Online education, from K-12 to higher education settings, includes many forms of teaching that can supplement or substitute in-person classes. Online education may offer opportunities not feasible for in-person education (massive classes, distance learning). Generally, online learning outcome assessments are similar or slightly reduced compared to in-person learning. Taken together, online education has the potential to improve accessibility of education but may also reduce education quality, particularly for less well-regulated institutions.
Online education can take many different forms. With the evolution of education technology and internet resources, online education can be blended (mixed with in-person classes) or fully online. Virtual courses can resemble more traditional courses, where students participate in classes at the same time, or can involve classes that do not have a traditional equivalent, such as massive open online courses (MOOCs) where large numbers of students connect at different times, often using message boards. In-person education can also take advantage of online tools, such as using software to tutor students on particular skills and improving communication with parents.1
Because of varied possibilities in online education, outcomes may differ widely depending on the form of instruction, and the student’s resources and ability to engage with online learning. Several studies comparing fully online courses, in-person, and blended courses suggest that fully online courses may have small reductions in test scores relative to in-person or blended classes, although it is difficult to generalize across different institutions.1 –3 As with in-person instruction, institutional differences play a role, and effectiveness likely also varies by teacher and among students. For-profit colleges, which have been criticized and investigated for low educational standards and poor earnings for graduates, enroll a disproportionate amount of online students.4 One difference with online education is sometimes attributed to student engagement, that students learning in-person are more involved in the class.
With the COVID-19 pandemic, educators were forced to rapidly move their courses online and engage in “emergency remote education.” Scholars in the area of online education note that emergency remote classes do not necessarily resemble planned online courses, and lack of training for online teaching may hamper effectiveness.5 This may potentially result in education gaps for students navigating new online courses. While many states halted testing in the beginning of the pandemic, early assessments of the COVID-19 pandemic on third through eighth grade students indicate reading scores were maintained, but a 5 to 10 percentile drop in math scores. A major caveat in the study is data missing for the most vulnerable students, who may lack access to technology needed to participate.6
Accessing online learning requires internet access, which may be limited for some students. Online tools can also be used within in-person instruction at schools.In 2018, the FCC updated their per-student recommendations for K-12 schools from 0.1Mbps (100kbps) to 1 Mbps (1000kbps) to support the use of online tools in the classroom. Based on data from schools participating in the federal eRate program, the Connect K12 nonprofit reports that 40% of school districts in Missouri have 1 Mbps per student.7 For students learning outside of the classroom, bandwidth needs will depend on mode of instruction (for example, video conferencing). Broadband access is disproportionately limited for low-income households relative to higher-income households.8 Likewise, low-income households are more limited in availability of desktop or laptop computers.9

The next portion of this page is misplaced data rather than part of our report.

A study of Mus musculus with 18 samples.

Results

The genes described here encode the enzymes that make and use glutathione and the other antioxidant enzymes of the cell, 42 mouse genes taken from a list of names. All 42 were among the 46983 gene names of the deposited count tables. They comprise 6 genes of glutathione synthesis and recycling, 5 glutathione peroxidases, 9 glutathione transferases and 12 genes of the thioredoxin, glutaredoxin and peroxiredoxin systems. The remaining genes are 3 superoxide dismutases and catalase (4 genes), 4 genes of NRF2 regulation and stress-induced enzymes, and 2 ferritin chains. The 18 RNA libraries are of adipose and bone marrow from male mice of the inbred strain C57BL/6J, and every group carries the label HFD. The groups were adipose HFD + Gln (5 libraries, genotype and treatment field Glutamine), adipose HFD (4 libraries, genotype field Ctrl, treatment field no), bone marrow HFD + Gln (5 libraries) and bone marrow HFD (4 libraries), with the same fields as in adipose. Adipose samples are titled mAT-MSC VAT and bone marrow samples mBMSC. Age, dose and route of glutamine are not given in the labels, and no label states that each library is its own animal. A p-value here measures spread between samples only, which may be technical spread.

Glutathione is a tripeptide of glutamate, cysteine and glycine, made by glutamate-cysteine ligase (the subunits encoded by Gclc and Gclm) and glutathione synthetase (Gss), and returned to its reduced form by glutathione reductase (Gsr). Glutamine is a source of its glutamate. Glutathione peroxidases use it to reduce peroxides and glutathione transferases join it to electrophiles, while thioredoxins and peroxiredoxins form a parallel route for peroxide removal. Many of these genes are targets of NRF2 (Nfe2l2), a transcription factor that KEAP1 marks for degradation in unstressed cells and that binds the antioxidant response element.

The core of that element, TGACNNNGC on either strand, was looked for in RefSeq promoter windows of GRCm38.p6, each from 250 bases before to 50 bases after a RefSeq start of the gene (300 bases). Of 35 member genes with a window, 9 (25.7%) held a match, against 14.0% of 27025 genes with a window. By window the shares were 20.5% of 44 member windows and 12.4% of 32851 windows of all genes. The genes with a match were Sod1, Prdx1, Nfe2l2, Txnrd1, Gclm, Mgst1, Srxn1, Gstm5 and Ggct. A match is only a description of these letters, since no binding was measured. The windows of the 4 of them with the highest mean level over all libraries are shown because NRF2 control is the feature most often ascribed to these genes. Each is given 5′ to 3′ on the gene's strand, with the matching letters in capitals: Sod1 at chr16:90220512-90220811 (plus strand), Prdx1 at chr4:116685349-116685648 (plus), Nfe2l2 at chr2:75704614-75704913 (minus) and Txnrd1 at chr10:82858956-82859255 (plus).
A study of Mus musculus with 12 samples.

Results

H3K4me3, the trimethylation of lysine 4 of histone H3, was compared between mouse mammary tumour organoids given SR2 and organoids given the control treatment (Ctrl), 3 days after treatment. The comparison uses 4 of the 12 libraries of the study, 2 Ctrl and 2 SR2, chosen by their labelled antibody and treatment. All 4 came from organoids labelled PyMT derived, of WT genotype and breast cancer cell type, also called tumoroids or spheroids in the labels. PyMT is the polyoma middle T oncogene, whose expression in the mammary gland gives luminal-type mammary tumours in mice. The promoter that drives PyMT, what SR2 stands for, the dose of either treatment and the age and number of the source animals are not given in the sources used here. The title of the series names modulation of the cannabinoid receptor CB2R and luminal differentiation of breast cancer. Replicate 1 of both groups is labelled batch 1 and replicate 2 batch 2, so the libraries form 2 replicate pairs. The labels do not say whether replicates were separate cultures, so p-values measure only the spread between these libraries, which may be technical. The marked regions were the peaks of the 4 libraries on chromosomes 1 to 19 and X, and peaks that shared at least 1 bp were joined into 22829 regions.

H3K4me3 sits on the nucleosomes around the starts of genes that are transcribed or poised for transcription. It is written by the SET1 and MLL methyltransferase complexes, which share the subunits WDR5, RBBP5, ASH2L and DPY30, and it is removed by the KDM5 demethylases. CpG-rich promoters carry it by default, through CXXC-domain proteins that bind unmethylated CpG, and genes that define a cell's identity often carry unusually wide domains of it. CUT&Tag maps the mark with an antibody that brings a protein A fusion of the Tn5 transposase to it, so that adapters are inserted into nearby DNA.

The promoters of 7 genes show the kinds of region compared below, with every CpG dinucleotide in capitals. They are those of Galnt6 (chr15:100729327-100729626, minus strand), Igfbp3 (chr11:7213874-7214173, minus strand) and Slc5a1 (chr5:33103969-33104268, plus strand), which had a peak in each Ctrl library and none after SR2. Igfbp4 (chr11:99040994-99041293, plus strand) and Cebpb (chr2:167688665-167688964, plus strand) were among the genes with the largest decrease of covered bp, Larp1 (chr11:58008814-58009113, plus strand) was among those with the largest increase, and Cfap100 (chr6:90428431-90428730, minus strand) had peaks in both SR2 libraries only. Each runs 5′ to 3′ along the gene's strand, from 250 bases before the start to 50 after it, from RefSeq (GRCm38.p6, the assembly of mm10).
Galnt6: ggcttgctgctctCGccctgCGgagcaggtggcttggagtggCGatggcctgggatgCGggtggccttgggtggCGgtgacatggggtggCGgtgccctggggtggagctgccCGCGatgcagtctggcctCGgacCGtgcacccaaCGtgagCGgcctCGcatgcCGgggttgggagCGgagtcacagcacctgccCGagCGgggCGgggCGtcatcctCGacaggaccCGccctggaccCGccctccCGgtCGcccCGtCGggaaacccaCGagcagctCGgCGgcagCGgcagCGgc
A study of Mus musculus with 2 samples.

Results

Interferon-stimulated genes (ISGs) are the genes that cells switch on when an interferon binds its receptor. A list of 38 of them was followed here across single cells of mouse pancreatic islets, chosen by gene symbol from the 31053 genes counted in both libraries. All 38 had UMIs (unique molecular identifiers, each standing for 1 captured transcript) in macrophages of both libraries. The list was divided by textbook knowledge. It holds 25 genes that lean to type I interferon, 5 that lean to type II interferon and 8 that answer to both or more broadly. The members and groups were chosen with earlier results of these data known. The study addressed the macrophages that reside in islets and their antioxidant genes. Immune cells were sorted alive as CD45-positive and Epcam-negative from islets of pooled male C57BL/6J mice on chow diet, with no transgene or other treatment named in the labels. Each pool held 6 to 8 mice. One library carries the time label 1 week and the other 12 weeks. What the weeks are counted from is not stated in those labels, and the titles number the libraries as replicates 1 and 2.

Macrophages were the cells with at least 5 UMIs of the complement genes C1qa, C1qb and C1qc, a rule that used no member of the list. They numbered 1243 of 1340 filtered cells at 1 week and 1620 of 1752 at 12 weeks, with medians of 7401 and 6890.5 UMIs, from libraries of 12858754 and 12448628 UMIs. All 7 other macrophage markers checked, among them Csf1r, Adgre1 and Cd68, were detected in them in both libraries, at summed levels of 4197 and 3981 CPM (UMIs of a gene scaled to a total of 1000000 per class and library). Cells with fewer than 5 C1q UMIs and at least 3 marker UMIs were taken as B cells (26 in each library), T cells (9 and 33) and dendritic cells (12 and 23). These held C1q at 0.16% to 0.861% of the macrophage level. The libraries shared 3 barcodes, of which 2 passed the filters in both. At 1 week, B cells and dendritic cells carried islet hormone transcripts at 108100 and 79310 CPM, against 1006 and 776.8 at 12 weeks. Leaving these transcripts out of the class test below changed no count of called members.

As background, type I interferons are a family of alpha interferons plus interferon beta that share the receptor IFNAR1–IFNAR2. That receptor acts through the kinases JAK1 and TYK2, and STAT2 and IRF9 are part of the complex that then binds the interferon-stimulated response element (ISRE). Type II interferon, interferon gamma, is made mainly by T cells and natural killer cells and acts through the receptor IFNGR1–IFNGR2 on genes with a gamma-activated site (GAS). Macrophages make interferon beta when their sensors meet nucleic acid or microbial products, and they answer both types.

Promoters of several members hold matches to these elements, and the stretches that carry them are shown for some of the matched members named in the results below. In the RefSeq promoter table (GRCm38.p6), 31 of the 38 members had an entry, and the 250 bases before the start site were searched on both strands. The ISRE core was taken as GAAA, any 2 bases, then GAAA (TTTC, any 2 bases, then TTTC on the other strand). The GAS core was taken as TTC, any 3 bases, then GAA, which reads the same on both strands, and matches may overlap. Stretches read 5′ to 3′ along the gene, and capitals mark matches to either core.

Online learning has the potential to both help and harm marginalized students. Online learning offers opportunities for students unable or less able to attend classes in-person, including disabled or distance students; likewise, asynchronous classes may open possibilities for nontraditional students who may have full time employment and/or caretaker responsibilities. However, studies have identified online education can have adverse impacts for students lacking training in technology and self-directed learning skills, and may widen inequity.1 0 In particular, for-profit colleges target low-income and minoritized students and have shown high levels of student dissatisfaction, sometimes resulting in high student debt lacking the financial benefits traditionally associated with higher education.4
Missouri offers online education for grades K-12 through Missouri Course Access and Virtual School Program (MOCAP) , previously known as Missouri Virtual Instruction Program (MOVIP) which is codified in § 161.670, RSMo and administered by the Missouri Department of Elementary and Secondary Education.1 1 At least 23 states have some form of virtual schools, which typically offer courses but not diplomas or other school functions.1 2 Challenges for these programs include addressing how to allocate funding and how to ensure quality with legitimate accreditation, auditing and assessment.1 3 Currently, MOCAP students are counted in the attendance of the school districts in which they reside. Proposed legislation could change how state funding is allocated to MOCAP based on the number of students enrolled, and also prevent districts from stopping students from enrolling in MOCAP if seen as not being in their best interests, instead giving final say to parents.